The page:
SC judge recuses himself from hearing plea challenging Omar Abdullahs detention

New Delhi: Supreme Court judge Justice M M Shantanagoudar recused himself on Wednesday from hearing the plea filed by Sara Abdullah Pilot challenging the detention of her brother and National Conference leader Omar Abdullah under the J-K Public Safety Act.

Pilot's plea came up for hearing before a three-judge bench comprising justices N V Ramana, Shantanagoudar and Sanjiv Khanna.

"I am not participating in this matter," Justice Shantanagoudar said at the outset without citing any specific reason for his recusal.

Senior advocate Kapil Sibal, appearing for Pilot, urged the bench to list the matter for Friday. The bench agreed to the request and listed it for hearing on February 14.

Pilot had on Monday moved the top court challenging her brother's detention under the J-K Public Safety Act, 1978, saying the order of detention is "manifestly illegal" and there is no question of him being a "threat to the maintenance of public order". The plea has sought quashing of the February 5 order detaining Abdullah, former chief minister of erstwhile state of Jammu and Kashmir, under the PSA and also sought his production before the court.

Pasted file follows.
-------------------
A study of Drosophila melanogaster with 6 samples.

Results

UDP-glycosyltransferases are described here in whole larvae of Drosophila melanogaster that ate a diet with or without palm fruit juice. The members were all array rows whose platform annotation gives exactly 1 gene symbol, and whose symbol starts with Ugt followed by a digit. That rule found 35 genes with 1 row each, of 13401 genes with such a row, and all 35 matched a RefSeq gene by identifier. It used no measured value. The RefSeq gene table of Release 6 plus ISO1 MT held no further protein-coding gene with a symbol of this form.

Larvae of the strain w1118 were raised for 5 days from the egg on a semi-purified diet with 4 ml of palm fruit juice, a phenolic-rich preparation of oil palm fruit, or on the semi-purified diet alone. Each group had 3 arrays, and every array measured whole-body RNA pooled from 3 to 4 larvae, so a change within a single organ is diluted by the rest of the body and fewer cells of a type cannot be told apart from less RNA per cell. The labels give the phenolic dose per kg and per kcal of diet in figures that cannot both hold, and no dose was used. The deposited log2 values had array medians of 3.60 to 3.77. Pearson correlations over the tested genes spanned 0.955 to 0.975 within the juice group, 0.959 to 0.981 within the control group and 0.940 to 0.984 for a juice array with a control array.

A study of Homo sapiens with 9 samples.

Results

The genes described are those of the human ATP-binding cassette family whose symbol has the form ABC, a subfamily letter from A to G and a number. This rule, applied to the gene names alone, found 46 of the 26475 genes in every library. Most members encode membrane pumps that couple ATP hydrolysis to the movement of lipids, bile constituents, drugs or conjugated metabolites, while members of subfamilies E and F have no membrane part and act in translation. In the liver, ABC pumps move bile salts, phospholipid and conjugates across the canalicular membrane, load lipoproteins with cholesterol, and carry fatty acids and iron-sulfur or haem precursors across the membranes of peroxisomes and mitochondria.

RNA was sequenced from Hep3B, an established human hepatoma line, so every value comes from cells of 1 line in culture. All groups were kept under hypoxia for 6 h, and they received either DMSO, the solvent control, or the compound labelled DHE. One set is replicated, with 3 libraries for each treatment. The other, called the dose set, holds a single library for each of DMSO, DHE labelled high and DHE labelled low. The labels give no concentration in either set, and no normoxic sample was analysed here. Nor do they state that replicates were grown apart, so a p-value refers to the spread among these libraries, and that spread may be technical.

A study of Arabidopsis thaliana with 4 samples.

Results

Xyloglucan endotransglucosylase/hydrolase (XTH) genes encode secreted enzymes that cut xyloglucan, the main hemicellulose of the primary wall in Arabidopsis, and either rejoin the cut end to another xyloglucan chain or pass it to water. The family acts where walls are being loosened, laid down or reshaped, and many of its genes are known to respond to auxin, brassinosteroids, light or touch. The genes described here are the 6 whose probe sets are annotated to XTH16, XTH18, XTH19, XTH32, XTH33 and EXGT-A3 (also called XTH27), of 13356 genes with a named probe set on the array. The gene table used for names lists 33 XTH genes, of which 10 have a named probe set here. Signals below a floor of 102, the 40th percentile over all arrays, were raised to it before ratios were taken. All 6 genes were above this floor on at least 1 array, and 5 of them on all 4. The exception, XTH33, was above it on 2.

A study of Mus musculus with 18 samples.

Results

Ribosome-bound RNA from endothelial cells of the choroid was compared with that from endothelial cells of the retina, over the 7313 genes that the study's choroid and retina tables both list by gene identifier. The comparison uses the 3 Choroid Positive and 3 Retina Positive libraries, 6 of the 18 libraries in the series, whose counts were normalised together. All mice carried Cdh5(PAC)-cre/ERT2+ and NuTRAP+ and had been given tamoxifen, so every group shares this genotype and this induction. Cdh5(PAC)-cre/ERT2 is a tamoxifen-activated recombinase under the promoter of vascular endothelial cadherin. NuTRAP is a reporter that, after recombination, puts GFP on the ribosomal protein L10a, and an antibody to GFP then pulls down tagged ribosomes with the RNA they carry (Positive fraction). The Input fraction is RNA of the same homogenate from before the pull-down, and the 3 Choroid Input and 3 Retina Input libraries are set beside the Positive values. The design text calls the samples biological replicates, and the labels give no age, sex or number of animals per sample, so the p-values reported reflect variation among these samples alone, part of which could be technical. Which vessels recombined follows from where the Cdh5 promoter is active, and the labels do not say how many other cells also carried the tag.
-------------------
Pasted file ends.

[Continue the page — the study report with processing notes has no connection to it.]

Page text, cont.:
Pilot has said that exercise of powers by authorities under the CrPC to detain individuals, including political leaders, was "clearly mala fide to ensure that the opposition to the abrogation of Article 370 of the Constitution is silenced".

Her plea said the intent of exercise of power was to "incarcerate not just him but the entire leadership of the National Conference, as well as the leadership of other political parties, who were similarly dealt with including Farooq Abdullah, who has served the state and the union over several years... stood by India whenever the situation so demanded." It said that on the intervening night of August 4-5, 2019, Abdullah was put under house arrest and it was later learnt that section 107 of the Code of Criminal Procedure (CrPC), 1973 was invoked to justify such arrest.